CHP Exonerated, but Investigation Continues


To the dismay of the women involved, the California Highway Patrol’s regional chief has exonerated its Gilroy commander of two allegations of improper behavior but could reach no conclusion on a third involving a pro-life prayer vigil that strayed onto state property last fall.
However, a spokesman for the CHP’s Internal Affairs office in Sacramento said it will conduct its own probe of the Sept. 28 incident, if requested now to do so by the alleged victims.
Lt. Jason Cavett said the women also have the right to file a complaint with the state Department of Justice if they are unhappy with the CHP’s Internal Affairs investigation.
On Tuesday, Mary Woodill said Coastal Division Chief R.J. Chappell in San Luis Obispo did not tell her of those rights when he informed her by letter that his investigation had exonerated Hollister-Gilroy Commander Capt. Spencer Boyce on two of three complaints she’d lodged.
Boyce on Wednesday said he remains a strong advocate of the 1st Amendment as is “sorry” the women were upset by the incident.
But Woodill said Boyce “blatantly lied” about the incident and she accused Chappell of issuing a “contradictory” report.
“I am so disappointed in the highway patrol,” said Woodill, who lives in San Juan Bautista and has always been a strong supporter of the CHP and other police agencies.
“My gut tells me to move forward” and ask for a full internal affairs investigation by CHP headquarters, she said,
Boyce said, “I remain your First Amendment advocate, but there are still rules” about demonstrating on state property.
“I am sorry there were upset by the situation…sorry they felt somehow their First Amendment rights were being trampled.”
Chappell’s letter, in effect, accuses the women, all devote Christians, of lying about the incident, according to Woodill.
The women’s recountings of what happened that day were not inconsistent, as claimed by Chappelle, she said.
“Why would we lie?” she asked. “I am really troubled by the letter and I have lost respect for the CHP; I don’t appreciate being called a lair by any of these officers.”
Woodill and two other women were part of a prayer vigil by the pro-life group 40 Days for Life outside the Planned Parenthood’s Gilroy office on Renz Lane last September.
The group had been there many times without incident, but it was the first time the three women involved in the Boyce incident had joined the group at that site.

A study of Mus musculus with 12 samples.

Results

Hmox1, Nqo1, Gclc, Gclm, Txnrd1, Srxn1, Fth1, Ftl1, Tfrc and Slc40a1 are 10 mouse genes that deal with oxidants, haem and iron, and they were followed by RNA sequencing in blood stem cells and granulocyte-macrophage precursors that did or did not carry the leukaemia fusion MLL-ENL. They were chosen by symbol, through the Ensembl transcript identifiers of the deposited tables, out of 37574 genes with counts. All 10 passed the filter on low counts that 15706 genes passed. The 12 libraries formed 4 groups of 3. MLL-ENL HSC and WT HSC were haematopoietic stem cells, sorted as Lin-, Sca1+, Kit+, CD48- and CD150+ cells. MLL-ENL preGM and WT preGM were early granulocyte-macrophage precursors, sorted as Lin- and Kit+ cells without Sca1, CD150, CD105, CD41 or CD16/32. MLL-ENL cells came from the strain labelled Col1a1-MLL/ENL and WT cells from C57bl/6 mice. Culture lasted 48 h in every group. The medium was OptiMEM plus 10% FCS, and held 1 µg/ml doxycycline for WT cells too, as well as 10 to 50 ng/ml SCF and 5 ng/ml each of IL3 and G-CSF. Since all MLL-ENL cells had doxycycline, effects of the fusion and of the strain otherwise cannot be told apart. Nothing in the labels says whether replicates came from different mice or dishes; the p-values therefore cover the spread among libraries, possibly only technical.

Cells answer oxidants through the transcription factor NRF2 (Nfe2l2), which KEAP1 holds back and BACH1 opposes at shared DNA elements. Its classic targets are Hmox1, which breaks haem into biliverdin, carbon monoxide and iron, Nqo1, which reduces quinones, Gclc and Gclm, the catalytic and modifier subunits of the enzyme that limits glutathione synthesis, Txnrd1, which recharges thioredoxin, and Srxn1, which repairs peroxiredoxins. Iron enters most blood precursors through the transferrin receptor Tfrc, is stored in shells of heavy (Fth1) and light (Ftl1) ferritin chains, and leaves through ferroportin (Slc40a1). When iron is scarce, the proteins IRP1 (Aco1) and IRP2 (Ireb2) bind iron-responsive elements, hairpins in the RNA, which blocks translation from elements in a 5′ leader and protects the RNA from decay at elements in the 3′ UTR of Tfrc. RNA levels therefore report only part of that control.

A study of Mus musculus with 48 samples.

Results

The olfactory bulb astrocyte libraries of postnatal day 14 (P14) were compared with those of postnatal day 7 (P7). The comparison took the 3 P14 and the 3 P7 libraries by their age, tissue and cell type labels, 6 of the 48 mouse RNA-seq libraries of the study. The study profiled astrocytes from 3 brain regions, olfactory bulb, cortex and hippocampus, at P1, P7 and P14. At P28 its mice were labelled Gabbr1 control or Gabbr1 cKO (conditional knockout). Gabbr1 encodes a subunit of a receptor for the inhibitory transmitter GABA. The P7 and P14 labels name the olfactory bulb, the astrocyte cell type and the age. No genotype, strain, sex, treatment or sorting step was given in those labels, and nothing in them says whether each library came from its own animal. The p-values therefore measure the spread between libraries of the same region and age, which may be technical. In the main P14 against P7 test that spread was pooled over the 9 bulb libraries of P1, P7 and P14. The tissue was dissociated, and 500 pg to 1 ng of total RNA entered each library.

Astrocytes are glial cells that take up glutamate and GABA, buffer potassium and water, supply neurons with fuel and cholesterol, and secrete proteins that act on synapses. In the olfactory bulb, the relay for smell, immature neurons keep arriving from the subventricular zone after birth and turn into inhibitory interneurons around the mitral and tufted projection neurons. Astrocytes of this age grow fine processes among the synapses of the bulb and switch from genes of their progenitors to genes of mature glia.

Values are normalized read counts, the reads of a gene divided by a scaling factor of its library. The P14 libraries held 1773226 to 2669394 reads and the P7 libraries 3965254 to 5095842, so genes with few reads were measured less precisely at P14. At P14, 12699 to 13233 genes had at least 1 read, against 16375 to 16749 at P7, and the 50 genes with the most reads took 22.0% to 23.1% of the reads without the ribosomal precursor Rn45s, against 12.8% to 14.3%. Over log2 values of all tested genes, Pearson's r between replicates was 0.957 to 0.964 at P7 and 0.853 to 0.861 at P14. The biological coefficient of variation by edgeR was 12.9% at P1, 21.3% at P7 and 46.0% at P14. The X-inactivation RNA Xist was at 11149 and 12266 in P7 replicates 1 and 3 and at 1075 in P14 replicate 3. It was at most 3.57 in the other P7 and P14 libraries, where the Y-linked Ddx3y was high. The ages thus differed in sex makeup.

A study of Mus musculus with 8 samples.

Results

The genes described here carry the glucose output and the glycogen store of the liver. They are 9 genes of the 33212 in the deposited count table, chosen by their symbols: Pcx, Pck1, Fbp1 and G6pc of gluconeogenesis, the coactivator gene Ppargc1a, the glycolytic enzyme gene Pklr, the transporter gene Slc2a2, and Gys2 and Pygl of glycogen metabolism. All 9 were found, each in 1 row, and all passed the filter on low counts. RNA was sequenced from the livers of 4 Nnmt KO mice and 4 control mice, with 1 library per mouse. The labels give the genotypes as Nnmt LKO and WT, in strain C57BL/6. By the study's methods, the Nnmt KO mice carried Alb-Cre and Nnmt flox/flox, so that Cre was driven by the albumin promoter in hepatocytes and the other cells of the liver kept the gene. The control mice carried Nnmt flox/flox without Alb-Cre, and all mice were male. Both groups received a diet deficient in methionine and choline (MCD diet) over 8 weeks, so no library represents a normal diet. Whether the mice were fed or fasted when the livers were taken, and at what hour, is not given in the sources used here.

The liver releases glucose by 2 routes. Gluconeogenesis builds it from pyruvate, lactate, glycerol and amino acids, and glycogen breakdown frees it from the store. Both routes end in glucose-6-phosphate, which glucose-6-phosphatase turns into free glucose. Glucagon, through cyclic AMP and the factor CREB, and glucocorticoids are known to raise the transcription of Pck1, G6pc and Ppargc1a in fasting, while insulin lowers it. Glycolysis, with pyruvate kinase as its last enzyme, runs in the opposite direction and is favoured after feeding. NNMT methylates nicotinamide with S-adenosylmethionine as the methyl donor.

Seeking shade, they left the main vigil and moved from the public sidewalk by the abortion provider’s facility to a treed area in front of the CHP’s office next door. They prayed silently, unaware a permit is required to demonstrate on state property.
Boyce, in plain clothes and an unmarked car, saw them as he exited the CHP’s secure parking area. When he asked and learned they did have not a permit he ordered them off state property.
When they moved to the street, the women claim he ordered them to move again even though they were on city property where no permit is needed.
Although all of the women later complained in interviews with the Dispatch about Boyce’s alleged unprofessional attitude, intimidating behavior and violation of their rights, only Woodill filed a formal complaint.
Under CHP rules, such complaints are investigated initially on the regional level but can go much higher if the alleged victims are not satisfied with the division chief’s investigation.
Chappell could not be reached for comment. In his letter, he said he looked into whether Boyce was “verbally discourteous,” exercised “improper authority” and failed to identify himself as a CHP officer.
Chappell found that Boyce never spoke directly to Woodill, never yelled and never said anything “specifically inappropriate.”
Woodill was incredulous.
“It says in the letter that he never spoke to me directly. Really? Oh my gosh in heaven. We were standing on a city street and he was ordering us off of it; I mean, come on,” she said.
She specifically named Boyce, Chappell and Coastal Division Assistant Chief Sean McRae, who interviewed the witnesses.
Chappell also rejected the allegation that Boyce failed to identify himself as a CHP officer, explaining, “there is no legal code or CHP policy” that requires him to do so.
On whether or not Boyce improperly ordered the women off city property, Chappell found differences in the witnesses’ statements and could make no determination on that matter.
Woodill was disgusted with Chappell’s findings; she said it was clear that Boyce had directed comments at her and had admitted doing so, including in a Dispatch article, and that there was no doubt among the women that they were ordered off city property.
In a Nov. 10, 2016 Dispatch article Boyce was quoted saying, “I must have said excuse me a dozen times before they even acknowledged my presence and refused to talk to me.
“I took the high road, I did not threaten them with arrest after they pretty much blew me off…they never moved,” he said. He later conceded that one of them might have moved off the CHP property.
Georgianna Froom of Hollister was with Woodill on Sept. 28 and was also highly critical of Boyce’s behavior that day, even though she has strong ties to law enforcement.
She called Chappell’s findings, “appalling,” and accused the chief and his assistant, McRae, of “just going thru the motions.”